Last updated: 09/01/2010 12:51 PM
Csuri, Nike to Unveil Alternate Uniforms Wednesday
By Brandon Castel

This year's Nike Alternate Uniform to be worn in the Michigan game.

Charles Csuri was an All-American and team MVP for Ohio State in 1942 when Head Coach Paul Brown led the Buckeyes to their first ever National Championship.

Csuri helped open holes for a star-studded backfield that included Les Horvath, Paul Sarringhaus and Gene Fekete. Wednesday he, and nine others, will clear the way for Nike to reveal their 2010 Pro Combat Uniforms.

“Today, Nike unveiled high-performance Nike Pro Combat uniforms in new designs for 10 elite college programs that reflect the teams' traditions, character and culture,” Nike said in an official release posted on Hurricanesports.com Tues. but dated for Sept.

A team captain in 1943, and a decorated World War II veteran, Csuri first made history as part of the 1942 Buckeyes National Championship team, which will be the inspiration for this year’s alternate uniform.

Terrelle Pryor in last year's OSU's alternate uniform.
Photo by Dan Harker
Terrelle Pryor in in last year's alternative unifom

Like last year, Ohio State will wear the alternate Pro Combat uniforms against Michigan on Nov. 27 in Columbus. According to the release, this year’s version will include “stylized script numbers, a replica U.S. flag on the jersey sleeve and the camouflage-print base layer honor the WWII-bound Buckeyes, National Champions of 1942.”

Despite losing 18 lettermen from the 1941 team, and having only three seniors on the roster, the ’42 Buckeyes went 9-1 with a 21-7 victory over Michigan. They knocked off favored Iowa Pre-Flight 41-12 on their way to a Big Ten title and the school’s first ever Associated Press National Title with a vote of 1,432 to 1,339 over second-place Georgia Tech.

Paul Brown’s ’42 team is the second team chosen by Nike as “inspiration” for the alternate jerseys. The Buckeyes wore white uniforms with scarlet numbers, gray pants and white helmets bearing the player’s number in black last season against Michigan to “pay tribute” to Woody Hayes’ 1954 National Championship team.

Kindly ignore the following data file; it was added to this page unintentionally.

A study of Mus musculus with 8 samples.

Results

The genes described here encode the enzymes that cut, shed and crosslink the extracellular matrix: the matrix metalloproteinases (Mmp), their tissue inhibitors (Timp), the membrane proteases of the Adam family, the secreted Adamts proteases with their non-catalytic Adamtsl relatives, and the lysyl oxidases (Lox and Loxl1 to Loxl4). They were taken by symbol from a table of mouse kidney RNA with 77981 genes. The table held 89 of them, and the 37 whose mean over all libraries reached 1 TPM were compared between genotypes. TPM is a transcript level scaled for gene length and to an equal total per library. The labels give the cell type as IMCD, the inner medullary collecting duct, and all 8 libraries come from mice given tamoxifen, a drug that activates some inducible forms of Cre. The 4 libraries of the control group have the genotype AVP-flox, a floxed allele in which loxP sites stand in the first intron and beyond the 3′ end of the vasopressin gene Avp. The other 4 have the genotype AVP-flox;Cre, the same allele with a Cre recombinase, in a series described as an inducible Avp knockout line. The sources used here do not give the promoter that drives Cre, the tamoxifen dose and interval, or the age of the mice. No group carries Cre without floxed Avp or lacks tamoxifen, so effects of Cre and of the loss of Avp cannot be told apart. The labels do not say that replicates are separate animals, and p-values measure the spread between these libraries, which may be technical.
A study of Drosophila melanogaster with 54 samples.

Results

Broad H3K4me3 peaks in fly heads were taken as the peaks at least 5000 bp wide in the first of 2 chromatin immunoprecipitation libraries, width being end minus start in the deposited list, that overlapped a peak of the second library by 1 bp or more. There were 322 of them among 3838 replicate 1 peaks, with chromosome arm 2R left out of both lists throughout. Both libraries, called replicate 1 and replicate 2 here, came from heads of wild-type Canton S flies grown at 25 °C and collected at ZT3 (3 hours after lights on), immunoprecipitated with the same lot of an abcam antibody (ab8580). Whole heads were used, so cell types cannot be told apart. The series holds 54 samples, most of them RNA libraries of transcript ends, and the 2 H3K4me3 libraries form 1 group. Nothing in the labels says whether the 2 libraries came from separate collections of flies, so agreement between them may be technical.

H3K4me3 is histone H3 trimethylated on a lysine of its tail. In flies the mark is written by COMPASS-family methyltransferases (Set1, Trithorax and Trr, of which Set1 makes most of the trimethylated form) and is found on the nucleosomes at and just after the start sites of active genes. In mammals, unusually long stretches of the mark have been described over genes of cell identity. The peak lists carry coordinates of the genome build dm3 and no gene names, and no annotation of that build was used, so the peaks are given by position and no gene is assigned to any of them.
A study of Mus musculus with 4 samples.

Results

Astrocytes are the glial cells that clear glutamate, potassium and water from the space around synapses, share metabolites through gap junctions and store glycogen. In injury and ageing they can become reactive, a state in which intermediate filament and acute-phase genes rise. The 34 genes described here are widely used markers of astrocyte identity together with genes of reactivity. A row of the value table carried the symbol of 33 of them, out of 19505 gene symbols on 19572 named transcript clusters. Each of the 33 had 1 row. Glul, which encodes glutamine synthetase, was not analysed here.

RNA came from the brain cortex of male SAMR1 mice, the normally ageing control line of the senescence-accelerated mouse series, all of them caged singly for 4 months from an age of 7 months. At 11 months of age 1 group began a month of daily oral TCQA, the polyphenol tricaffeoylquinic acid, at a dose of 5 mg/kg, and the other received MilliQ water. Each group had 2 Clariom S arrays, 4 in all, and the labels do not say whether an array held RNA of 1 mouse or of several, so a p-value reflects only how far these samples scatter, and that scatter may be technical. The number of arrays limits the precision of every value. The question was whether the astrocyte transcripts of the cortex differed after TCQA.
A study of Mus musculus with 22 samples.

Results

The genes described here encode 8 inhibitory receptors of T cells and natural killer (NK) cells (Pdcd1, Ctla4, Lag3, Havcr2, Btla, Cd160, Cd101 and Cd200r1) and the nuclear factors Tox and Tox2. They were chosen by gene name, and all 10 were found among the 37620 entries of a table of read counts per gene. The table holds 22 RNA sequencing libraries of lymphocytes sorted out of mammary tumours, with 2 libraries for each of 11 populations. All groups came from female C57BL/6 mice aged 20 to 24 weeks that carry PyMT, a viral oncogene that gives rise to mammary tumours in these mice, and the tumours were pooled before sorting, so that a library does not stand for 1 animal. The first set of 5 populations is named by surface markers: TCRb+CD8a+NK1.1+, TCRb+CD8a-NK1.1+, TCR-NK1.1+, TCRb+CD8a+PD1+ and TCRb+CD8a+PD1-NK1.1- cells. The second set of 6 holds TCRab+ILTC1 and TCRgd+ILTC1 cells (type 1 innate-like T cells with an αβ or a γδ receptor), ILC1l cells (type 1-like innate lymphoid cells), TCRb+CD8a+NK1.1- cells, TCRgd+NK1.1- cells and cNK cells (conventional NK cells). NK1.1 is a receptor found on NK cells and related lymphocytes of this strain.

“The Nike Pro Combat System of Dress merges innovation and inspiration to deliver the lightest uniform in the industry,” said Kris Aman, Global VP and GM of Nike Athletic Training, which includes football.

“The designs incorporate cultural cues emblematic of each team's identity and heritage. They're more than uniforms, they're expressions of pride.”

This year’s Pro Combat jersey will incorporate the home version of the 1942 jersey into its look with a more modern feel that may or may not appeal to Ohio State fans. There was a large uproar over wearing alternate jerseys in Ann Arbor last season, and the groundswell could be even louder this year with the current pandemonium over the future of the Ohio State-Michigan game.

If 2010 is the last year where the two storied rivals will meet in the final game of the regular season, it will be done with Ohio State wearing non-traditional uniforms. That may not sit well with traditional Buckeye fans, even if the jerseys are 37 percent lighter and meant to “capture the soul and spirit of each program.”

Other teams unveiling 2010 Pro Combat uniforms Wednesday include Miami (Fla.), Alabama, Boise State, Florida, Oregon State, Pittsburgh, TCU, Virginia Tech and West Virginia. Among those presenting the uniforms’ unique stories are Michael Irvin (Miami), Errict Rhett (Florida) and basketball coach Bob Huggins (WVU).